Danni Beer, and her husband Mike, ranch just outside Lemmon, South Dakota, a small town in the western part of the state snugged up tight against the North Dakota border. “Google it,” she said. “It’s a nice place.”
I learned Lemmon was organized in 1906, “is rich in the history and culture of the taming the plains. Surrounded by sprawling ranches, farms and magnificent prairies teaming with wildlife, Lemmon is an all-season kind of place.”
And one of those sprawling ranches, of course, is a place the Beer’s call home; a diversified cow-calf operation with cattle, wheat, some corn, flax and sunflowers. Altogether, it covers some beautiful Dakota prairie.
“Mike had worked on the place since he was a freshman in high school,” she said, “and we got a chance to work with and buy it when the owner wanted to retire. We began to buy it after he graduated from South Dakota State University in 1992.”
Danni graduated from SDSU in 1992, too, with an agriculture education degree and taught junior high science and high school agriculture education classes for two years. Today, her full-time job is working on the ranch as her husband’s business partner. Like all CBB members, she’s very active in agriculture. She worked on Capitol Hill where she participated in the 2002 Farm Bill debate. She was part of the largest coalition in history to support legislation mandating country of origin labeling. Danni and Mike were inducted into the Outstanding Young Farmers of America fraternity in 2009.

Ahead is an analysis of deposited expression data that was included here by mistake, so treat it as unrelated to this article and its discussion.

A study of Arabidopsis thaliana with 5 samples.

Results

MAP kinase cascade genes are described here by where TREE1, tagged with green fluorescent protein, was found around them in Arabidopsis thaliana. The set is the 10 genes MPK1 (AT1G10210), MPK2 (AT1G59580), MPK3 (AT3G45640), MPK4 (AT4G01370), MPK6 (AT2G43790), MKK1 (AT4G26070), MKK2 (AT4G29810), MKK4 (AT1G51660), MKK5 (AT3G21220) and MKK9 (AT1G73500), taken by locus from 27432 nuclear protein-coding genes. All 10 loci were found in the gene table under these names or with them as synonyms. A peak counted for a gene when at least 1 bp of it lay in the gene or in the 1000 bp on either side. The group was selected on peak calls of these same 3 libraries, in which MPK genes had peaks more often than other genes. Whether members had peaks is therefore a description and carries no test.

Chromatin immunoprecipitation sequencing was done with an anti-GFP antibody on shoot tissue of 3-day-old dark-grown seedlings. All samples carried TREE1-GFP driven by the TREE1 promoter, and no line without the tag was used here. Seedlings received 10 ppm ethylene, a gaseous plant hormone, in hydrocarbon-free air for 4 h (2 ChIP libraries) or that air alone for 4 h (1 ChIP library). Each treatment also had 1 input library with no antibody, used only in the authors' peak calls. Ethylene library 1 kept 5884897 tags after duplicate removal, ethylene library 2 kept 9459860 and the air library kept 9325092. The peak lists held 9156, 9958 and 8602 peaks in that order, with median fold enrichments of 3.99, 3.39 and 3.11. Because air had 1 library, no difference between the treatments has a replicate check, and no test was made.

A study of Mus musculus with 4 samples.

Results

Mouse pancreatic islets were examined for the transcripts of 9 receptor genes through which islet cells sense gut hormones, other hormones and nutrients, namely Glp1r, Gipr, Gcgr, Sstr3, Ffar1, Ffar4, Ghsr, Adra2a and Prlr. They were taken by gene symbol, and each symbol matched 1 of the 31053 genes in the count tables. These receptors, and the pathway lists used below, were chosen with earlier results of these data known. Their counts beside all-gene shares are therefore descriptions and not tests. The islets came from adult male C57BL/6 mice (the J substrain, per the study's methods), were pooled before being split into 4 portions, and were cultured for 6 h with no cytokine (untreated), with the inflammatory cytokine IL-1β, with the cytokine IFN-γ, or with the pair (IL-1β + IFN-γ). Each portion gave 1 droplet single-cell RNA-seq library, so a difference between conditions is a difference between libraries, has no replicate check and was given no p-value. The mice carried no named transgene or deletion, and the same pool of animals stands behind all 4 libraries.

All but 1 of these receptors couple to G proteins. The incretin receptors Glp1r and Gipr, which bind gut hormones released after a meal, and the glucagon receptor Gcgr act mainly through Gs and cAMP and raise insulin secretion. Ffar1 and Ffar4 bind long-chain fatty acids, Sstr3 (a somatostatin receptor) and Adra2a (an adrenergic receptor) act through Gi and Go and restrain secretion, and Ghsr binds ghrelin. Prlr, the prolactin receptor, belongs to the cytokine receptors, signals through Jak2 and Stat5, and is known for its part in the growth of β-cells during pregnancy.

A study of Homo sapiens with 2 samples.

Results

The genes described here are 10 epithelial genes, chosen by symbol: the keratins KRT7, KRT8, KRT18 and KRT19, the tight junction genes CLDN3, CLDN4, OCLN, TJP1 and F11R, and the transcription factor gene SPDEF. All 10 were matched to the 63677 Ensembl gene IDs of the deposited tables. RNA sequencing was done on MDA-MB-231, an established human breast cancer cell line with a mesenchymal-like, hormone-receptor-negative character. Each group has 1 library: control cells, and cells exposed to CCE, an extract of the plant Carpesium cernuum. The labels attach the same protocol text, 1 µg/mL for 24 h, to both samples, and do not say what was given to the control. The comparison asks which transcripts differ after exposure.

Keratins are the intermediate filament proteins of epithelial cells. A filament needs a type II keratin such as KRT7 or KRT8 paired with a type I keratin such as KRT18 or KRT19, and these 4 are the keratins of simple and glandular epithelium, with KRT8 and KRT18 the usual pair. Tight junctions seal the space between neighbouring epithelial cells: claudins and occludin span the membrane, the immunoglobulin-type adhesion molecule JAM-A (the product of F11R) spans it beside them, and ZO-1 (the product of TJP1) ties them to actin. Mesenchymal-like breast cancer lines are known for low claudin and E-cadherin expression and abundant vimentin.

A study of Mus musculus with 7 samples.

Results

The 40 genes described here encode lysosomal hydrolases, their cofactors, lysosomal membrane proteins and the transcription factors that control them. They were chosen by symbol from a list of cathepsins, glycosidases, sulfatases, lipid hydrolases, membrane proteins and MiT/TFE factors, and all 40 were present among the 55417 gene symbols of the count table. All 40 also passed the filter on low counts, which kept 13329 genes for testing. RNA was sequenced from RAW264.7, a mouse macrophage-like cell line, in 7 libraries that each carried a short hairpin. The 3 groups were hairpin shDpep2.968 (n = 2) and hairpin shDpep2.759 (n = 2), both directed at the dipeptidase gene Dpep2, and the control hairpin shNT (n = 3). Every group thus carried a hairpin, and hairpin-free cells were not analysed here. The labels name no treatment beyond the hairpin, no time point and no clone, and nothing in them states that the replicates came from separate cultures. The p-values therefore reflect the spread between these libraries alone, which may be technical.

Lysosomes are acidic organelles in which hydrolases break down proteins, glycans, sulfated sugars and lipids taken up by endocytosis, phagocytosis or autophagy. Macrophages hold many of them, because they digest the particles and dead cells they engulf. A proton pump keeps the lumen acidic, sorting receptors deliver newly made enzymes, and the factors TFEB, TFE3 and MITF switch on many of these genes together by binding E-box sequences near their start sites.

They have four children; Bobbi, Bo, Bailie and Blaze. “Girl, boy, girl, boy; they’re 18, 16, 13 and 18 months,” she said.
“We are a member of the U.S. Cattlemen’s Association, South Dakota Stock Growers Association and the South Dakota Farmers Union (SDFU) for almost twenty years,” she said when I asked her how she earned her appointment to the Cattlemen’s Beef Board. “I was nominated by the SDFU and it was while Blaze was an infant that I got the call that told me I had been appointed.”
That call came in February, 2010 and she attended her first meeting that summer. “It was exciting,” she said referring to the rough and tumble of that first event. She thought the convention in Florida this year, though, was less divisive. “We have a lot more cohesiveness now and we have a lot that needs to be done.”
She’s serving on the CBB’s Operating and Producer Communications committees, places where her organizational skills will be put to good use - watching the balance sheet to make sure every dollar is used well and helping craft the right message to the public.
“The recent influx of dollars brought by all the drought cattle coming to market will help us reach some of those goals short-term. Like ranching, you have to work with what you have,” she said, acknowledging that it might mean trouble later when the herd size is depleted and fewer cattle are available.
With a toddler to feed and a lot of cattle to check on, Danni excused herself and started out on her way-too-busy day. Seems to be a hallmark of CBB members; they’re all extremely busy people who can still make time to help serve the needs of their industry.